Why does Discourse always install "beta" versions by default?

In Discourse, four primary release channels serve different purposes: main, tests-passed, beta, and stable.

The default channel used when installing a production version of Discourse is tests-passed.

Our nomenclature differs a bit from other software companies and will be explained here.


This channel represents the latest development version of Discourse. It contains the most recent features and improvements but may not be thoroughly tested and can be unstable, so it is not recommended for production environments. Developers and early adopters typically use this channel.


It includes features and improvements from the main channel that have undergone a certain level of testing. It has the best balance between stability and access to the latest improvements.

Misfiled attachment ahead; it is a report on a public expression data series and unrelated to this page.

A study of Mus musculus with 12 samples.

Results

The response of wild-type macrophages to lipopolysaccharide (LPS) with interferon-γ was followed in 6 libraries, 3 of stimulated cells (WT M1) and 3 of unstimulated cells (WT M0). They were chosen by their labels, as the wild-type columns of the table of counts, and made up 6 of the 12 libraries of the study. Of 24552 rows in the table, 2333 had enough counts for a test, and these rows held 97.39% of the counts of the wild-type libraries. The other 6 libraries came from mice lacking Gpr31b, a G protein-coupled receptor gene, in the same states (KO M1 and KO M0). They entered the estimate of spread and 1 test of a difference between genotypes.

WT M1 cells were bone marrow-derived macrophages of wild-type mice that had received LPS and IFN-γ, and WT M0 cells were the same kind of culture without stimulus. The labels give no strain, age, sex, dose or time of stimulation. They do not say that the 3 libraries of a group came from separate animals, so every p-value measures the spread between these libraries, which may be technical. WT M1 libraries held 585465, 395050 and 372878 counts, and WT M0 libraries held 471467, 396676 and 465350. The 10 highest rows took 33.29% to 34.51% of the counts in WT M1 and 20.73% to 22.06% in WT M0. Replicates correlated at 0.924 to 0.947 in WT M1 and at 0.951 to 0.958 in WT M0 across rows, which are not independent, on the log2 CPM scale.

It is not much different than most other software releases out there, which usually release small changes every two weeks. We commit new changes almost daily instead, and they’re available via tests-passed.


We use beta as a “milestone” to push out a collection of commits we want more sites to be running and test. We also push a beta if we have an important security fix we want sites to receive.
:information_source: When a beta is pushed, all sites running on tests-passed or beta receive the “new update available” email.


The stable channel is not necessarily more “stable” than tests-passed. It’s more about the idea that the bugs are known, and it serves as a checkpoint for a specific set of features and improvements. With tests-passed, there may be new bugs introduced then fixed a few commits later.

For us, a beta is a minor version bump, and a version is a major version bump. They’re checkpoints we give ourselves to celebrate the work we’ve done. We tend to release two major versions a year, but it all depends on feature development and the like.